The challenge: old world limitations


When trying to understand what the future state of life and annuity and group/employee benefits core systems will look like, it can be instructive to examine the property and casualty (P&C) space. Over the past 20 years, P&C insurers have embarked on journeys to modernize core systems with varying degrees of success. Several technology and platform vendors in the P&C core systems space have achieved critical mass, led by Guidewire’s $7 billion market cap and Duck Creek’s consistently strong growth. While very few P&C insurers have consolidated all their products on to a modern platform (or platforms), many have made meaningful progress for their critical lines of business.

Life, annuity, and group benefits providers of all sizes are playing catch up with their P&C counterparts.

Change is long overdue, but insurers in the individual life, supplemental health, and group benefits space are grappling with myriad challenges:

  • Aging/outdated platforms with complex infrastructures that are costly to maintain and secure
  • Inflexibility and inability to support new business initiatives (e.g., new product launches/open integration)
  • Inadequate reporting and business analytics capabilities
  • Widespread inconsistency across channels in terms of customer experience (e.g., downtime or inaccurate data due to batch windows), and weak support of some necessary channels.

With L&A/group IT budgets typically remaining flat or growing only modestly – while CIOs are pushed to do more – the challenges continue to escalate. Organizations must use an ever-increasing share of their budgets just to maintain existing legacy systems rather than invest in innovation. Most insurers are ready to modernize, but – not surprisingly – only a few carriers are running on the current version of these platforms. When an insurer looks at solutions that are appropriate for their needs, there aren’t more than a handful of available modern solutions that their peers use, and fewer still that are used by a significant number of peers.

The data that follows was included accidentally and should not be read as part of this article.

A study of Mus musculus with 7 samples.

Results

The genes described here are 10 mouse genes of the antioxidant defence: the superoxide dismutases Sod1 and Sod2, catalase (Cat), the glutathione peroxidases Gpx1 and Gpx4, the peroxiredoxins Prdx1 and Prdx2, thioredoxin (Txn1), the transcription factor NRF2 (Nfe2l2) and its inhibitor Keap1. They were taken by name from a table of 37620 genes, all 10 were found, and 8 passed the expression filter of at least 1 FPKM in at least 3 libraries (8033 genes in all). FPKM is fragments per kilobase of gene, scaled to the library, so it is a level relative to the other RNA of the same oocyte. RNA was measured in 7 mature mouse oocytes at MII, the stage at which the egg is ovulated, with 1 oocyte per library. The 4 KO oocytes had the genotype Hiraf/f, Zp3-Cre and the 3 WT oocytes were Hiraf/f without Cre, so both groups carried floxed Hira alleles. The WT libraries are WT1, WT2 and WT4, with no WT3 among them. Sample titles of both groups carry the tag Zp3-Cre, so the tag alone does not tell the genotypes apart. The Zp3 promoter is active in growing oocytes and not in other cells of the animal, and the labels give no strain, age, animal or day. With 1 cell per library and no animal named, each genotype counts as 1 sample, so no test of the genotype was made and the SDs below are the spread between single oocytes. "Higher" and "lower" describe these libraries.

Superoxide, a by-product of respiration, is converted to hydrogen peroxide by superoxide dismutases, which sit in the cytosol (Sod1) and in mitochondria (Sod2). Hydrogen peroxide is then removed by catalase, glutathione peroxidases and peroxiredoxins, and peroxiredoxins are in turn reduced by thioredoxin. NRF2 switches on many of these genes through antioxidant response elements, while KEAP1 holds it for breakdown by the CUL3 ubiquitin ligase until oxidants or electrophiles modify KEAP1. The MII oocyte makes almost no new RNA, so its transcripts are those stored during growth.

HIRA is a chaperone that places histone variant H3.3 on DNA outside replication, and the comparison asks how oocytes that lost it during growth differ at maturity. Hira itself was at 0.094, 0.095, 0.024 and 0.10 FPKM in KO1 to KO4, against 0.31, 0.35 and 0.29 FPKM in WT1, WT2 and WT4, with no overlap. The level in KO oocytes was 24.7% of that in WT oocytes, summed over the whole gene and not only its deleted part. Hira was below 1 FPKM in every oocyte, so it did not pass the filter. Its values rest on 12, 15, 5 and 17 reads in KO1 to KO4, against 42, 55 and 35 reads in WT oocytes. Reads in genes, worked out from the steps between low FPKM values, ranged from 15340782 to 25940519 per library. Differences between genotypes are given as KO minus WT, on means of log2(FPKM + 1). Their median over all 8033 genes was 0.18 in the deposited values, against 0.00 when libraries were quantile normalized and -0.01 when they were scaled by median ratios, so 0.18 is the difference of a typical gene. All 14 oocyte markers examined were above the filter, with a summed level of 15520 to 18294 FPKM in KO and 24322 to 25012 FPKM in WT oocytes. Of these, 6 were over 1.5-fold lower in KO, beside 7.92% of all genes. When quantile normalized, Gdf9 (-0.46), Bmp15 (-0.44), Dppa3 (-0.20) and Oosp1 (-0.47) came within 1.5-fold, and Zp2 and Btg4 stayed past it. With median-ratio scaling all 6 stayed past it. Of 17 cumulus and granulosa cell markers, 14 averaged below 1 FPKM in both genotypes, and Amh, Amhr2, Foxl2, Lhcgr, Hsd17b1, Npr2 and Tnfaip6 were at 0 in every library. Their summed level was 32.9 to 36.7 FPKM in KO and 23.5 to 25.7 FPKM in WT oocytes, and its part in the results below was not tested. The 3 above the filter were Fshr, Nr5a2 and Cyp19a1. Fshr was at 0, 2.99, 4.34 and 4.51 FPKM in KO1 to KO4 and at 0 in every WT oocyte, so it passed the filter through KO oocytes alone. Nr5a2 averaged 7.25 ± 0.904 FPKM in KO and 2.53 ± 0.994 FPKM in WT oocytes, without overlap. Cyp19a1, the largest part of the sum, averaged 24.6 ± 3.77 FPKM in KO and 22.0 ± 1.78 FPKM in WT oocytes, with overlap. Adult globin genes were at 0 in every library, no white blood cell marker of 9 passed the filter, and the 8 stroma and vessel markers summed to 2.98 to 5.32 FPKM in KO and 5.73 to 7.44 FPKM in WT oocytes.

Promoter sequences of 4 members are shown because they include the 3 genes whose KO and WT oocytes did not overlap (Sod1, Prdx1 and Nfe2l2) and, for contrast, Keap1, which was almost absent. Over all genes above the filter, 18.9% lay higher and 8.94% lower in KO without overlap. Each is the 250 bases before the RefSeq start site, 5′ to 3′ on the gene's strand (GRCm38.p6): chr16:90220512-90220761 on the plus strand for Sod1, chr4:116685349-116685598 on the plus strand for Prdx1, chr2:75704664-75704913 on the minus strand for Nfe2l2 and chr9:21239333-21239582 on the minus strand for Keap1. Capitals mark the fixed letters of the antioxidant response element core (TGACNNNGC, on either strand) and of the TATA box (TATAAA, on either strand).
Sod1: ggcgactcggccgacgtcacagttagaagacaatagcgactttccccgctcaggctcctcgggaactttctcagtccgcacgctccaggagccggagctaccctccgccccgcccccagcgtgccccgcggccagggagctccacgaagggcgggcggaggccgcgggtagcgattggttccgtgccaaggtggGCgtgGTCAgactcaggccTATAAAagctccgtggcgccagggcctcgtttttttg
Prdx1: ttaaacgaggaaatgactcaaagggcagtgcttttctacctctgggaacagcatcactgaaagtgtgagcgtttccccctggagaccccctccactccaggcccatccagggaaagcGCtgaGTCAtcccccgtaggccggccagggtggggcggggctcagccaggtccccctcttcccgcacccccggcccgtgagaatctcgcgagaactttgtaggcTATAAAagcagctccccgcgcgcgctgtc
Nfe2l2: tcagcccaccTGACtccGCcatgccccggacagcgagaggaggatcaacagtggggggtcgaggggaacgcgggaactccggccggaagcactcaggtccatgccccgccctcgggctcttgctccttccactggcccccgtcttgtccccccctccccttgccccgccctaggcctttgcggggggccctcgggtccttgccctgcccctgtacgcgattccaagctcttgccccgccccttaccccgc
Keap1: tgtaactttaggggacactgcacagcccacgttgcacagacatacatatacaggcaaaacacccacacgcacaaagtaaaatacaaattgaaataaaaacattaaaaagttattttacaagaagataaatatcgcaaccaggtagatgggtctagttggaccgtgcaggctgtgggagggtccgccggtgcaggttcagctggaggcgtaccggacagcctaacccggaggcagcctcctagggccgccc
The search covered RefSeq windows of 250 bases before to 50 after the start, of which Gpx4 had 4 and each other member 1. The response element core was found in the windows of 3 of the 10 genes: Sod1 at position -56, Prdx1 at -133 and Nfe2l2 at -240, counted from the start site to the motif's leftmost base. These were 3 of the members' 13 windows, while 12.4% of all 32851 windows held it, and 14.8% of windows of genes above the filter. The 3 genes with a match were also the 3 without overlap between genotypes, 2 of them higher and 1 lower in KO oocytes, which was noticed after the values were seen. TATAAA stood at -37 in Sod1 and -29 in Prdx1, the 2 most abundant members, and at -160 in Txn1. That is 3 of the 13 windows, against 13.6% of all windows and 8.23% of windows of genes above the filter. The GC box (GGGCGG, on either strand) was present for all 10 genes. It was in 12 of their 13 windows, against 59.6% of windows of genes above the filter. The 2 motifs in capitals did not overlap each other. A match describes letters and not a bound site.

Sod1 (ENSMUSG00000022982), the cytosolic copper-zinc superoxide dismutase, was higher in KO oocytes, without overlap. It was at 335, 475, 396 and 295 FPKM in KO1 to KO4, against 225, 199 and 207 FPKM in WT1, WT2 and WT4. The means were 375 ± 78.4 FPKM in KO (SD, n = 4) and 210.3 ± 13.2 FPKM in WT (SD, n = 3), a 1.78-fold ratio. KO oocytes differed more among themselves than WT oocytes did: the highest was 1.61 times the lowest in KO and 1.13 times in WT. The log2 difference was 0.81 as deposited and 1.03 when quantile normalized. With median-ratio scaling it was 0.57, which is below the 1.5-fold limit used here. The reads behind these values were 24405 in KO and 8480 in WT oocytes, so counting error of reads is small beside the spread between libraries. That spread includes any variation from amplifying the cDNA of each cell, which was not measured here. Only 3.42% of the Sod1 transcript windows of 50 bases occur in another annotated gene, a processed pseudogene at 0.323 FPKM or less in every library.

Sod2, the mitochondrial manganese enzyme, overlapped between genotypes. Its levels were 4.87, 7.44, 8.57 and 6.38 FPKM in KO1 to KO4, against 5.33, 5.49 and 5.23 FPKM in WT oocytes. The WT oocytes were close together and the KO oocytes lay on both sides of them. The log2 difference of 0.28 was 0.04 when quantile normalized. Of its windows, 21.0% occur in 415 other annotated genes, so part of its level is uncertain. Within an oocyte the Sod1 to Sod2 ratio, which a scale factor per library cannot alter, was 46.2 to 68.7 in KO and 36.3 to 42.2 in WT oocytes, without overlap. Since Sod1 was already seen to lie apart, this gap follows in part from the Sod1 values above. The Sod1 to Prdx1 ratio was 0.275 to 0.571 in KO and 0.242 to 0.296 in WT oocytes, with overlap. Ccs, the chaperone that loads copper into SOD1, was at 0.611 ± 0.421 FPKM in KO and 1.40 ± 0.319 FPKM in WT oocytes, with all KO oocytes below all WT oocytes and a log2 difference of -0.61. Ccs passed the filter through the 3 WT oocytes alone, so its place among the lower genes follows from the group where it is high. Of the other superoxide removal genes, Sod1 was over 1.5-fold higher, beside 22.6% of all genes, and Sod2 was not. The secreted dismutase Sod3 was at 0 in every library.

Contrary to what most insurers want to hear, there’s no completely “off-the-shelf” solution for core systems modernization. A one-size-fits-all solution would be cost-prohibitive and inflexible, or too customized to be considered truly off the shelf. When an organization selects a solution that’s not a close fit, it often ends up with another system to maintain – one that exclusively supports new lines of business or products separate from the firm’s legacy systems. It often lacks the breadth and flexibility to achieve end-to-end business model transformation that does better things and does things better. It also adds cost to the already-crushing legacy maintenance burden. In some cases, this approach may be warranted in order to allow an insurer to get new products out the door quickly, but even then, the insurer should have a plan for the disposition of at least some of the remaining platforms.

In reality, system replacement is just one of many options. While it is critically important, it is just one piece of the puzzle.

In the upcoming weeks, we will share a series of posts that explore:

  • Critical systems insurers must address
  • How to address system challenges, whether via replacement or other options
  • The transformation process
  • Best practices for modernization and transformation to achieve business goals.

This blog was co-authored with Lawrence Krasner. To continue this conversation, connect with me or Lawrence on social media.